Everything as Code


Writing code isn’t the only skill you need to deliver software, but it might be the most important skill for everyone involved.

Every role involved in delivering and operating modern systems is beginning to use tools to automate their jobs. Instead of having a deployment checklist, you can define each step in code and have it be done for you automatically. Sometimes this is code written in an actual programming language like Python or Java, but it can also be configuration files written in JSON or YAML.


Once you have code you need to make sure that it does what you want it to do. You could run the software and manually verify that it works, but this doesn’t scale well. As your code base grows, the number of test cases grows with it.

That’s why developers write their test cases as code. Over time, teams create a large suite of test cases that they can run to verify changes they’re working on and ensure that their changes haven’t broken any existing functionality.

Version Control 

Version control systems like git record every change made to the code. Having an archive of every change makes it easy to revert to a previous version of the code if problems are found in the current version.

Version control also allows developers to create branches of related changes that are separate from other changes the team is making. Developers can experiment on the code in isolation and merge their changes back into the main branch when they’re ready.

Code Review 

Since code is stored as human-readable text, each change to the code can be highlighted and reviewed by the rest of the team before being accepted. Reviewers can provide feedback and ask questions to improve the changes. This usually happens within your online version control service, such as Github or Bitbucket.

Automation Pipelines

Having a server or service dedicated to automation ties all of your workflows together. Services like Jenkins monitor your source code and when a developer pushes new changes to the code, the service will automatically run your tests to make sure the changes didn’t break anything. If the tests fail, the developer is notified of the failure. If the tests pass, the changes are allowed to be merged into the main branch. When the changes are merged, the service could take the updated code from the main branch and deploy it to your production servers.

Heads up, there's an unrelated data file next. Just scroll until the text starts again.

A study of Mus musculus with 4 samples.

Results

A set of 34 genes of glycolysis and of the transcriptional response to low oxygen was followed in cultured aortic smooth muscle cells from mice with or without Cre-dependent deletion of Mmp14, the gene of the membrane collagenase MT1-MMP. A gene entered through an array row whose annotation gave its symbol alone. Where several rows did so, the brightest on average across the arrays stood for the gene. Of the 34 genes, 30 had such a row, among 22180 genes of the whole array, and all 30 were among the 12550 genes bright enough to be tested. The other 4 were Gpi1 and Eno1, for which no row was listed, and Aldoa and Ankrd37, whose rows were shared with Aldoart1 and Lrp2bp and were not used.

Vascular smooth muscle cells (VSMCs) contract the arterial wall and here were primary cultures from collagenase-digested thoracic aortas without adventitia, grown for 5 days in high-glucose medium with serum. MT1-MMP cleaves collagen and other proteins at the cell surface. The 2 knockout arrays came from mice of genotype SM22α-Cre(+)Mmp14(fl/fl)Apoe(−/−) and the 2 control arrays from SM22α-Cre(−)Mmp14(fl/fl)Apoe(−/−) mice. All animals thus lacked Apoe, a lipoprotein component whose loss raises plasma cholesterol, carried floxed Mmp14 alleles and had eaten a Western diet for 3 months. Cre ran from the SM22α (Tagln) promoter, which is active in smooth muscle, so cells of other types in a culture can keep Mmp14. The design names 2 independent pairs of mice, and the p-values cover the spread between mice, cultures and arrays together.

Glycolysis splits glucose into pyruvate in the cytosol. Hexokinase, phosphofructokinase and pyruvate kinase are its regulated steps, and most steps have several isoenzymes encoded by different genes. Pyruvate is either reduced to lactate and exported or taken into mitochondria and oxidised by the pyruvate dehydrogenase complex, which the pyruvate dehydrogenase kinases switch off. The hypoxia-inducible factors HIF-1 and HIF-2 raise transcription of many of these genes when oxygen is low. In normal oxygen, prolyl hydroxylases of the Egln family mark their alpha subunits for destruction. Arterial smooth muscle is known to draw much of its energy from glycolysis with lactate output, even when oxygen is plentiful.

Code isn’t very useful until it’s running on someone’s computer. In the past, businesses had to buy expensive servers to run their code and take the time to configure everything manually. With the growth of public clouds like AWS it’s easy to run your code on someone else’s computers. Infrastructure-as-Code tools like AWS CloudFormation and Terraform let you define your infrastructure in a text file and automatically create it in the cloud.

Once your infrastructure is defined, you can create automated tests for your infrastructure using tools like taskcat and terratest. These will create your infrastructure in the cloud, ensure it was successful, and destroy the created resources. You can use a tool like conftest to read your CloudFormation or Terraform code and ensure that best practices are being used.

Run these tests in your automation server to verify every change in your infrastructure before deploying it in production

Machine Images 

Once you have a server, the first thing it will need is an operating system. You can use Packer to create an operating system for the server to boot from. It supports formats for all of the major cloud providers. Beyond the operating system you can customize the configuration of your machine image using shell scripts or a more heavy-duty tool like Ansible, Chef, or Puppet. These are helpful for things like adding users, changing passwords, creating SSH keys, etc.

Now you have a fully configured machine image that you can boot your servers from, but like all code, it isn’t complete until it’s tested. Tools like Goss and Chef Inspec can help with that by asserting a criteria against your running servers. 


You can codify your security best practices by using a Policy-as-Code tool like Sentinel or Open Policy Agent. Take your security testing a step further using static or dynamic application security testing tools to scan for vulnerabilities. Run these tests in your automation pipelines to ensure your applications and infrastructure are security-compliant


Embracing code at every level of software delivery opens doors to automation, and a commitment to automation will lead to higher quality systems that are created more quickly.


Chaise Conn

Full-Stack Developer

Chaise is a self-taught, Full-Stack Developer with expert knowledge in Python programming and Linux systems. After high school, he interned at a software company, managing relational databases, working with layered architecture and test automation, and developing in the .NET framework.

As he moved to front-end development, Chaise became adept at swiftly building responsive sites with clean code bases, working on projects for Microsoft, including Minecraft: Education Edition. He also has Agile experience and earned a Linux+ Certification.

In his free time, Chaise enjoys working on a number of personal projects, and attempting to perfect his Linux system.